Neunaber's Neuron marks an interesting departure from the reverbs and delays for which they're best known — it offers digital amp and cab emulation in one of their standard-sized pedal cases, and is controlled by just six knobs. The pedal aims to emulate a range of amp tones, from clean to heavily distorted, using what Neunaber describe as a 'multi–stage, dynamic gain architecture', and one of their key design objectives was to replicate the playing feel of a real amp.
The Neuron, which runs off a standard 9V/100mA power supply (not included), has two footswitches, one of which is used to save/recall presets and the other caters for Bypass and Alt functions. Five of the six controls have dual functions, accessed by holding down the right-most footswitch in the manner of a Shift key: Gain/Gate, Comp/Speaker, Level, Low/Tight, Mid/Tilt and High/Presence. The Tilt EQ provides tonal shaping to match the sound to different venues or amps without disturbing your main settings, and is applied globally. The ins and outs are mono, on standard jacks, but rear-panel mini TRS jacks provide MIDI out/thru and MIDI in, and a pair of 5-pin DIN to mini-jack cables is included.
To shape the guitar sound there's a single-knob compressor, a noise gate to clean up high-gain sounds, and a switchable (on/off) speaker simulator, which again is applied globally — so you can run the pedal into a PA or recording system with speaker simulation, or a guitar amp without. The three-band EQ allows low-end Tightness and Presence adjustments separately from the Tilt EQ, and the controls have a usefully wide range. Unusually for such a straightforward-looking stompbox, presets can be saved. By default only one can be stored, and with the Preset switch off the manual control positions prevail, but via a simple power-up routine you can set up a maximum of six, each with its own LED colour. Saving a preset involves stepping through to the appropriate slot, tweaking the controls and then pressing and holding the Preset footswitch.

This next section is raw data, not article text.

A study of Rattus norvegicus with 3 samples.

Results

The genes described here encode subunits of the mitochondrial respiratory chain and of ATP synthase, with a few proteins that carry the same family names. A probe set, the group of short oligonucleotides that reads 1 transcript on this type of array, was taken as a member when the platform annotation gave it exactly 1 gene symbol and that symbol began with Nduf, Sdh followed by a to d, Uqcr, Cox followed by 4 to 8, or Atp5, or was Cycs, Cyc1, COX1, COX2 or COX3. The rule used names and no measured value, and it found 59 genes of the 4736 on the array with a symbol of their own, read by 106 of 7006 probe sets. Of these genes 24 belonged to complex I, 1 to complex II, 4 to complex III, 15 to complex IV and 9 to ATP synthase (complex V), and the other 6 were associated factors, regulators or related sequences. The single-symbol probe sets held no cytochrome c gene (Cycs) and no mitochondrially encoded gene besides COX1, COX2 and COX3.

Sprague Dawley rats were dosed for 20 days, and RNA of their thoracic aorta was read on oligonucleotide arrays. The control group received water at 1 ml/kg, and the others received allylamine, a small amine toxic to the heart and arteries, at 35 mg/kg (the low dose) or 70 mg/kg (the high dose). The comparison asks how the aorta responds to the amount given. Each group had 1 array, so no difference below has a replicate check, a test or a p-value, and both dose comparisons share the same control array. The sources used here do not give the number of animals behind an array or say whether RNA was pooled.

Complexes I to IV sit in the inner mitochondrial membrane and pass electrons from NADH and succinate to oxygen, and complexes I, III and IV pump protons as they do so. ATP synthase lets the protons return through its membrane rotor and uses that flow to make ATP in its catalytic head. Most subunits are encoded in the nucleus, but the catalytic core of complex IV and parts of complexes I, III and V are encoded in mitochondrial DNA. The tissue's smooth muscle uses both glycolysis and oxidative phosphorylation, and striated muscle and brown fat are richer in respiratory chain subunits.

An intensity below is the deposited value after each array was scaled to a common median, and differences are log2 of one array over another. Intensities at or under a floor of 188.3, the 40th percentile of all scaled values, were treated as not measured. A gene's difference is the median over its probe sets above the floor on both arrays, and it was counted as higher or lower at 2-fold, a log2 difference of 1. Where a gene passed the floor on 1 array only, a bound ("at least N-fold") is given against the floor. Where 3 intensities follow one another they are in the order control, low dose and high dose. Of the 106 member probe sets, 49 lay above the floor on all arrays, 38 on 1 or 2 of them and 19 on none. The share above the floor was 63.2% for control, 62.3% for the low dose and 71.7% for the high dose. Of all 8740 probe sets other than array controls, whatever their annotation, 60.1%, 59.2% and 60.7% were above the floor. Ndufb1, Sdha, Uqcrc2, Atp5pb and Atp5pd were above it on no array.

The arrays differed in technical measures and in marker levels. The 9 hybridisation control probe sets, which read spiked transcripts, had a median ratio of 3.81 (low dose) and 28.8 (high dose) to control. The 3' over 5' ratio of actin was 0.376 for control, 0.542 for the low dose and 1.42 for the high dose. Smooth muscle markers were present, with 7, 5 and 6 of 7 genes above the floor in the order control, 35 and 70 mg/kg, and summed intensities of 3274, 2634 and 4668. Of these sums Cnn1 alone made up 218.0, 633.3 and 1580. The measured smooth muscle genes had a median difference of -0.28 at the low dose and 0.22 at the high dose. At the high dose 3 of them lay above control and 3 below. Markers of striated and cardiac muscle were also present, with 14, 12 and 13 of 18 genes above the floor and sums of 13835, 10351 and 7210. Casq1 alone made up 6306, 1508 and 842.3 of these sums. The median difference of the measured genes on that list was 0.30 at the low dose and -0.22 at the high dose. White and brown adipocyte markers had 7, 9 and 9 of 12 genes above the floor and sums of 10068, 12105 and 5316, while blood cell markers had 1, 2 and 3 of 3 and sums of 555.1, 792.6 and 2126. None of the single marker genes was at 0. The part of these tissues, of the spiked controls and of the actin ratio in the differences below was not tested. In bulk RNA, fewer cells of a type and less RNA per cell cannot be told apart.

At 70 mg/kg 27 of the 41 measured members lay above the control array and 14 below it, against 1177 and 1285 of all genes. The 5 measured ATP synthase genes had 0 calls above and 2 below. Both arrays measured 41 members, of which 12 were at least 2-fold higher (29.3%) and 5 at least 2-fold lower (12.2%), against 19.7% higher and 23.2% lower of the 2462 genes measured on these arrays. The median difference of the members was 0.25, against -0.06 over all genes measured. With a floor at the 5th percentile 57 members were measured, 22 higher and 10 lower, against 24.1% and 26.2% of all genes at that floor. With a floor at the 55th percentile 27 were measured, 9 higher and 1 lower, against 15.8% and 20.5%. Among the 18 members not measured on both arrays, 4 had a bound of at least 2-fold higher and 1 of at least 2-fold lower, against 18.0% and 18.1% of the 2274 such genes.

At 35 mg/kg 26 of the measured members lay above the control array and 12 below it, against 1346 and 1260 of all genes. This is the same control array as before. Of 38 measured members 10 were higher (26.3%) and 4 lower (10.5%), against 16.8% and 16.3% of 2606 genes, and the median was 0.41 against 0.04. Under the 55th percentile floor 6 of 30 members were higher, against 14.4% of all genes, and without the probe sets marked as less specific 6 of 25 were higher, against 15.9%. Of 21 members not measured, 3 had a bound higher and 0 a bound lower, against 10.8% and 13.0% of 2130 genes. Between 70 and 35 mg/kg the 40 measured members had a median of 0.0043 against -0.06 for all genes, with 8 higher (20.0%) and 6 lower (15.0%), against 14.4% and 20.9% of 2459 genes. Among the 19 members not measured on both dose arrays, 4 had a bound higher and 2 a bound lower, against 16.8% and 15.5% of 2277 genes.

The MIDI capability adds even more flexibility. Program Change messages may be used to select presets directly (increasing the maximum number of presets to 24), while all user parameters can be accessed using MIDI Continuous Controller messages. SysEx dumps are also supported.
With the 96kHz sampling engine, the overdrive sounds avoid suffering from any audible aliasing, and that gain knob has a huge range that goes from perfectly clean, via a subtle bluesy crunch, right the way to full-on rock with heavy drive tones. The compressor also works well but can sound a bit fierce if taken past its mid-way position (especially if your guitar has powerful pickups), imparting an obvious 'quack attack' to the sound.
The overall playing 'feel' seems more natural than I tend to experience from amp-modelling plug-ins.
If you're after a clearly defined blues tone without a gritty edge, the secret is in how you set the tone controls and compressor, as with the addition of Tight and Presence, there are five EQ parameters to juggle, not counting Tilt. The drive is reasonably touch-responsive at modest gain settings, but again you have to be prepared to finesse the gain, tone and compressor controls to find the sweet spot, just as with an amp. At higher gain settings, the sound doesn't clean up quite so well when you back off the guitar tone control.
The overall playing 'feel' seems more natural than I've experienced from amp-modelling plug-ins. And while I've never really come across a modelling DI solution that quite captures the Pete Townshend style of aggressively ringing chords, this pedal gets closer than most — as long as you're not scared of a little treble. It sounds good, but for more tonal flexibility when recording you can always turn off the speaker emulator and use a software or hardware cab emulator. There's no reverb or tremolo on board, but again, you can add these via plug-ins or pedals; I found that a hint of reverb took away the rather dry, close-miked sound. Pedals can also provide access to different flavours of overdrive.
For live performance, the ability to cycle round a number of presets is particularly useful, and the pedal can go directly into a PA or, sans-speaker emulation, into an amp's main input or effects return. It doesn't emulate specific amp models, but I didn't miss them, as the wide control range gives you access to such a broad palette of tones, and I always felt comfortable playing through it — which is arguably just as important as the sound itself.
Some multi-amp, multi-effects modelling pedals cost not that much more, and whether the Neuron is the right device for you depends to some extent on whether you're a 'separate pedal' person or prefer everything in one box. But I love it — the Neuron is compact, versatile and sounds good, and it can perform equally well as a DAW front–end, part of a live-sound pedalboard, or a backup in case your 'real' amp explodes at a gig!